In a war between the president and the news media, there may be no winners...

July 26, 2017, 5:47 PM GMT+0

53% of U.S Adults disapprove of how Donald Trump is handling the media

As President Donald Trump continues to attack what he calls “fake news” and the news media keeps reporting on the internal troubles of the Trump Administration, it seems that no one comes out well. In the latest Economist/YouGov Poll, public assessments of media trustworthiness have declined in the last few months, but overall, Americans put more trust in specific media than in the President.

Neither the President nor the media get much credit for their interactions with one another. Majorities disapprove of how each handles the other.

There are the expected party differences. Democrats approve of the media, Republicans approve of the President. Independents disapprove of both.

As far as the tone of the media’s presidential coverage, more see it as unfair than describe it as fair. Just about half of Republicans say it is “very unfair.”

Since early May, the President attacked CNN seven times in tweets, and took on MSNBC and the Morning Joe hosts. Trump referred to “Fake News” 34 times in that time period – more than half the references he made to “Fake News” in all his tweets since February 4. Every one of those tweets received negative public reaction in the YouGov Tweetindex.

But those tweets may have had their desired effect, as several major media outlets have fallen in public esteem in the past few months. In early May more people believed that three prominent newspapers (The New York Times, The Washington Post, and The Wall St. Journal) and three cable news outlets (CNN, FOX NEWS and MSNBC) were more trustworthy than not. Now, only The Wall St. Journal gets higher trustworthy than non-trustworthy ratings, but even its assessment has fallen.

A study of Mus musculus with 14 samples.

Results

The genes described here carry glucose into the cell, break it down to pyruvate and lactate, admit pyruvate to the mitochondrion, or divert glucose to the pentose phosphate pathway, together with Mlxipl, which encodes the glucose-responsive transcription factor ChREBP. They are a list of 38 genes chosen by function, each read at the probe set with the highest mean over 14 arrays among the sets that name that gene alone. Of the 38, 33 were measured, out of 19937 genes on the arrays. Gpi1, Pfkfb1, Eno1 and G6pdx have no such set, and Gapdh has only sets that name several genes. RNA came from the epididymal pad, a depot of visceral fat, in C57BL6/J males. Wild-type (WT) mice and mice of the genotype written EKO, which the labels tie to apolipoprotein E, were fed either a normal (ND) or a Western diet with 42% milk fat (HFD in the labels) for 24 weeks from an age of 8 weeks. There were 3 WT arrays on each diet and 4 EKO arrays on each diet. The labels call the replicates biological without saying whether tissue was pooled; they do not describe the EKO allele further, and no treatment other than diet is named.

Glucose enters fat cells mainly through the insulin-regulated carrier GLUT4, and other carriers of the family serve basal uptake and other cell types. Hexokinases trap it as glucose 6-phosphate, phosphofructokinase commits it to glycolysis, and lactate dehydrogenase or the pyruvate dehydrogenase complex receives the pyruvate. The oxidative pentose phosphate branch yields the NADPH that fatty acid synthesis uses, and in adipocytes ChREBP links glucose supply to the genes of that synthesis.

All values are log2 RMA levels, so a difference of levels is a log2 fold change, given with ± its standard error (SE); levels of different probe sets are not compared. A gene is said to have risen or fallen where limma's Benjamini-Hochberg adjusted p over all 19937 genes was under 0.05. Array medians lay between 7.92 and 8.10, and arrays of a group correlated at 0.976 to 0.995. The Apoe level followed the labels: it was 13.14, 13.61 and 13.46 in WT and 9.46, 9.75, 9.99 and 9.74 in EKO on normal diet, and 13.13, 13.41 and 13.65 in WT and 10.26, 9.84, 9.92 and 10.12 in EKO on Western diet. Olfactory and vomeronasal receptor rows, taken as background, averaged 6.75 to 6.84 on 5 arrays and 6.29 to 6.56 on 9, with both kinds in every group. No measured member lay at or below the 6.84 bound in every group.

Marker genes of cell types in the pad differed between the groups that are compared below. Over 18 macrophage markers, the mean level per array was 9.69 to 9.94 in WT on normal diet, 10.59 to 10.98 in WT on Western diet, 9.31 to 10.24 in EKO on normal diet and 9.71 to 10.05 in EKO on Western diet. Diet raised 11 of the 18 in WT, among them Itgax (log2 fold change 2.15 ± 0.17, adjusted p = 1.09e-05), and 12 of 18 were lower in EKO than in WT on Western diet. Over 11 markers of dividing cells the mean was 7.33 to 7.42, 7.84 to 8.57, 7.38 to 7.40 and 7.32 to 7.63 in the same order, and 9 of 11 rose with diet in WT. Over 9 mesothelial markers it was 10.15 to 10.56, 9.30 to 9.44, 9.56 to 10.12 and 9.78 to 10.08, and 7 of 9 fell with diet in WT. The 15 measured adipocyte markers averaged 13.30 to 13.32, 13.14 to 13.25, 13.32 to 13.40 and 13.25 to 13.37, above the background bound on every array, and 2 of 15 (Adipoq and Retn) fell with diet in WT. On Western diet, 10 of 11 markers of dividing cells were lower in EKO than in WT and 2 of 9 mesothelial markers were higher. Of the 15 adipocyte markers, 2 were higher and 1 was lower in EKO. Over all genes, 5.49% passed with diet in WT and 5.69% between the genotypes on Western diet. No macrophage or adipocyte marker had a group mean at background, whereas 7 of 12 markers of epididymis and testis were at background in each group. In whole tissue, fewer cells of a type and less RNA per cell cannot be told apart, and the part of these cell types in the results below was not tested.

Significant percentages do not rate these news organizations as either trustworthy or not.

Still, when asked to decide whether they had more trust in the the President or four of those organizations (The Times, The Post, CNN and Fox News), the general public chose the news outlets every time.

Independents and Democrats choose all four news outlets over the President, even the more conservative Fox News. Republicans have a different view: in each case, they choose the President over the news outlet – including when they are asked to pick between the President and Fox News.

A third of the public are willing to have courts fine the news media for biased or inaccurate reporting; somewhat fewer would let the courts shut down media outlets. Republicans are more likely than the public overall to favor such options. More than half of Republicans are in favor of fining news outlets for biased or wrong reporting, and 45% approve of allowing them to be shut down. But there is a general sense that doing either of these things – especially shutting down a news media outlet – would be a violation of the First Amendment. Republicans are closely divided on the implications for the First Amendment. A plurality of Republicans say fines would not violate the First Amendment, while a plurality think closing a news outlet would.